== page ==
Pathologists and clinical laboratory managers may want to learn more about the UCheck mobile app developed by Biosense Technologies
Developers of a new iPhone application claim their app can analyze a urine specimen for up to 25 different diseases. This mobile app is a deliberate attempt to give consumers the ability to perform diagnostic tests that would normally be run in a full-scale clinical laboratory.
Pathologists and clinical biochemists will want to visit the website of Biosense Technologies to check out this mobile application, which is called uCheck. Biosense is a medical device company located in Mumbai, India.
How A Cell Phone Can Be Used Like a Medical Laboratory Analyzer
Essentially, the uCheck app takes a picture of a urine sample and analyzes it for up to 25 diseases, noted an article published by BBC News. The test kit is priced at $20 and comes with five test sticks and a special mat. The test sticks are dipped into a urine sample and then placed on the mat. The iPhone takes a photo of the color-coded test sticks on the mat. The uChek application analyzes the image and interprets the results.
Biosense Technologies claims that uChek can detect as many as 10 parameters contained in the urine specimen, depending on the test strip used. This includes levels of:
Based on these parameters, the device could detect a range of conditions. These are listed as:
How the uChek App Works to Analyze a Urine Specimen
The uChek mobile application compares the results on the urine-soaked strips with a color-coded map. Using color comparisons as a guide, uChek analyzes the results and, within seconds, returns a breakdown of the different analytes it can detect. This was described in an article published by UPI.com.
uChek is the brainchild of entrepreneur Myshkin Ingawale, 29, a graduate of MIT. He is co-founder of Biosense Technologies and unveiled the app at a TED (Technology, Entertainment, Design) conference in February 2013. TED is a conference series that showcases “ideas worth spreading” that will shape the future.
Developer Wants Mobile Apps to Move Bio-chemistry into Mainstream
“There is huge potential to get the world of bio-chemistry out to users via apps,” declared Ingawale, who also invented ToucHB. This is a portable device that performs a blood test for anemia without breaking the patient’s skin. He designed this test device as a way to prevent women in developing countries from dying of anemia, by making it easy for healthcare workers—often untrained—to perform the required diagnostic tests in the field.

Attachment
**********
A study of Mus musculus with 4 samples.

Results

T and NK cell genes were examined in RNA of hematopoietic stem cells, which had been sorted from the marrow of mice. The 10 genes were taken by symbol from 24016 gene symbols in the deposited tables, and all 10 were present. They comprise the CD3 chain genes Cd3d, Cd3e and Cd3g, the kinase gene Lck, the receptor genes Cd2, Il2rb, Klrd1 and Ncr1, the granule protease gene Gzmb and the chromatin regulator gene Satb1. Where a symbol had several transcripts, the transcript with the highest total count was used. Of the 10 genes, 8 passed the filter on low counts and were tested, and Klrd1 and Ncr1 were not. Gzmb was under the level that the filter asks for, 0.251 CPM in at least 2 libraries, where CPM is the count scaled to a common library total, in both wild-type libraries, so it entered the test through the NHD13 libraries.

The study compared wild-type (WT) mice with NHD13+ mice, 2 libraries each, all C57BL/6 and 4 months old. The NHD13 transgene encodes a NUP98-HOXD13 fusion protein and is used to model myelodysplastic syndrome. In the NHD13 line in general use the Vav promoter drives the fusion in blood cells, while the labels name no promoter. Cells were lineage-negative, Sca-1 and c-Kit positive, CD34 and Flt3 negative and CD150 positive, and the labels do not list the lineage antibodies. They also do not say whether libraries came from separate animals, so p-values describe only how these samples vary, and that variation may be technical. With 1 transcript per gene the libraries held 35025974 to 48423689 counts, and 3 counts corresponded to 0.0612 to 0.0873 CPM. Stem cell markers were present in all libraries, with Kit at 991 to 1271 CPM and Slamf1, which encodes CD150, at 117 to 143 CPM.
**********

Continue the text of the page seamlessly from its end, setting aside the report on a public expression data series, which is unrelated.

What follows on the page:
“I wanted to get medical health checks into users’ hands,” he told the BBC. “The idea is to get people closer to their own information. I want people to better understand what is going on in their bodies.
Substituting in the Field for the $10,000 Clinical Laboratory Instrument
If it does well, we can make it available to mobile clinics,” added Ingawale. “Instead of buying a $10,000 [clinical laboratory testing] machine, they can use their existing smartphones.”
To make this possible, Ingawale’s mobile phone app uses everyday language, such as “trace” or “large,” to describe results. The uCheck app also provides diagnostic information. For example, if users don’t know that presence of leukocytes could indicate a urinary tract infection, they can tap on the leukocytes tab to find the information, noted the UPI.com report.
uChek was tested at a Mumbai hospital on 1,200 urine samples. It did a better job than humans by just reading the color-coded strips. While sophisticated analyzers used in medical laboratories may be more accurate than uChek, they cost up to $10,000 and only read a specific type of test strip, noted Ingawale. “The medical device industry operates on a proprietary, closed hardware and a recurring revenue business model,” he said. “I’m trying to democratize healthcare.”
Biosense rolled out the Apple (NASDAQ: AAPL ) app in March 2013. The company is currently working on an Android version of the uChek mobile app.
Future of Wireless Medicine and Clinical Laboratory Tests
Ingawale consistently emphasizes that the idea isn’t to eliminate doctors or other professionals. In an interview published in The Atlantic, he further stated that his goal is to design a tool that helps people with chronic conditions—like diabetes or kidney, liver or bladder problems—better manage their disease.
However, Ingawale apparently would like his potentially disruptive technology to play a role in changing the in vitro diagnostics (IVD) industry. His statement that “the medical device industry operates on a proprietary, closed hardware and a recurring revenue business model” is consistent with his observations that a mobile app that uses a cell phone to accurately diagnose different diseases can democratize that aspect of healthcare—to the benefit of individuals, particularly in lesser-developed nations.
Thus, could it be that mobile applications designed to allow individuals to diagnose any number of medical conditions represent a threat to the IVD industry? Time will answer this question. But it is a question that strikes to the core of the existing business model for IVD manufacturers, which is to sell analyzers and reagents to large, centralized medical laboratories.